Muscle weakness can be a frightening thing to experience and can have many causes. One potential cause of muscle weakness is vitamin deficiency, particularly of some of the B vitamins, but because treatment of relies on identifying the underlying cause, you should see your doctor if you are experiencing muscle weakness.
According to Medline Plus, the B vitamins are a group of eight vitamins that your body uses for energy metabolism and red blood cell production. They include thiamin, or B-1; riboflavin, or B-2; niacin, or B-3; pantothenic acid, or B-5; pyroxidine, or B-6; biotin, or B-7; cobalamin, or B-12; and folate. B vitamins are found in a variety of plant- and animal-based foods, with the exception of B-12, which is primarily found in animal-derived products.
Weakness is a symptom of many diseases. For example, according to Richard LeBlond and colleagues in "DeGowin's Diagnostic Evaluation," diseases of the brain and spinal cord, the peripheral nerves, or of muscles can cause weakness, as can generalized metabolic disturbances or systemic diseases such as cancer or viral infection. Determining what brings on your weakness can help you figure out its cause. For example, weakness when climbing stairs suggests that you have a disease affecting your upper legs.
Vitamin B-1 Deficiency
According to Medline Plus, thiamine deficiency is most often seen in alcoholics, both because severe alcoholics tend to be malnourished and because alcohol makes it harder for your body to absorb thiamine from the diet. Besides weakness, symptoms of thiamine deficiency include fatigue and nerve damage. A particularly severe complication of thiamine deficiency is Wernicke-Korsakoff syndrome, a combination of incoordination, confusion and memory disturbance.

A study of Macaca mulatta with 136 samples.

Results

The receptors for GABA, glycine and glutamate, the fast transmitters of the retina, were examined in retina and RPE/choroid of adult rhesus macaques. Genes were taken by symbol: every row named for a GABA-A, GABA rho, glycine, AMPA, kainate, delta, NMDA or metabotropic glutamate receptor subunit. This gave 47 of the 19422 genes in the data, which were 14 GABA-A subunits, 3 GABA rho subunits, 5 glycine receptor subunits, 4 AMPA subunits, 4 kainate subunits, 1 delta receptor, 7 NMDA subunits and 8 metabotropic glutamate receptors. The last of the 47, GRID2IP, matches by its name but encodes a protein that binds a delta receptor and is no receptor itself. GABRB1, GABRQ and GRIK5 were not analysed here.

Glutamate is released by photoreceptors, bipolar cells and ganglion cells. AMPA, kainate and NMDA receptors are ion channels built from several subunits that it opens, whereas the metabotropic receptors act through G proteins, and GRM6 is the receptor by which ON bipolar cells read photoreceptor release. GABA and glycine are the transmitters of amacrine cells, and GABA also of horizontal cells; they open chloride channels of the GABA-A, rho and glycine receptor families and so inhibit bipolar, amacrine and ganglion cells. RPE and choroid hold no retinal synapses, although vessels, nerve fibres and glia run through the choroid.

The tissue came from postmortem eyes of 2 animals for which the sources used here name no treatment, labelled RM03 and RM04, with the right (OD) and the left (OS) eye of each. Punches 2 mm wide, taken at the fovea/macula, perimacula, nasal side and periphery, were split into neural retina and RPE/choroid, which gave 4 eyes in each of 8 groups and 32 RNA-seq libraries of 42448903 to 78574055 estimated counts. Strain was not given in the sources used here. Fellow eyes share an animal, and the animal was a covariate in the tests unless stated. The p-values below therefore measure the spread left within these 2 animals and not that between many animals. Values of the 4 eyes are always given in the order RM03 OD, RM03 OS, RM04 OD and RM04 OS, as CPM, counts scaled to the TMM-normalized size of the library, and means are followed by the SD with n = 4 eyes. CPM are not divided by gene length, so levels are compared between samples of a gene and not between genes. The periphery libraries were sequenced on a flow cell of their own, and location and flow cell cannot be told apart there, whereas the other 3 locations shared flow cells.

Vitamin B-12 Deficiency
According to the Office of Dietary Supplements, vitamin B-12 deficiency is most commonly seen in people with gastrointestinal diseases that impair normal nutrient absorption, such as Crohn's disease and pernicious anemia. B-12 deficiency also can occur in vegetarians or vegans who do not take B-12 supplements. Along with weakness, other symptoms of B-12 deficiency include anemia, incoordination, and numbness and tingling in the hands and feet.
Other Causes of Weakness
One example of a non-vitamin-related cause of weakness is Guillan-Barre syndrome, an autoimmune disease that causes lower-extremity weakness after viral infections, most commonly of the gastrointestinal tract or lungs. According to Stephen L. Hauser and Arthur K. Asbury in "Harrison's Principles of Internal Medicine," with prompt treatment approximately 85 percent of people experience full recovery from Guillan-Barre. However, mortality from this condition can be as high as 5 percent, and even those people who recover might have recurring symptoms later.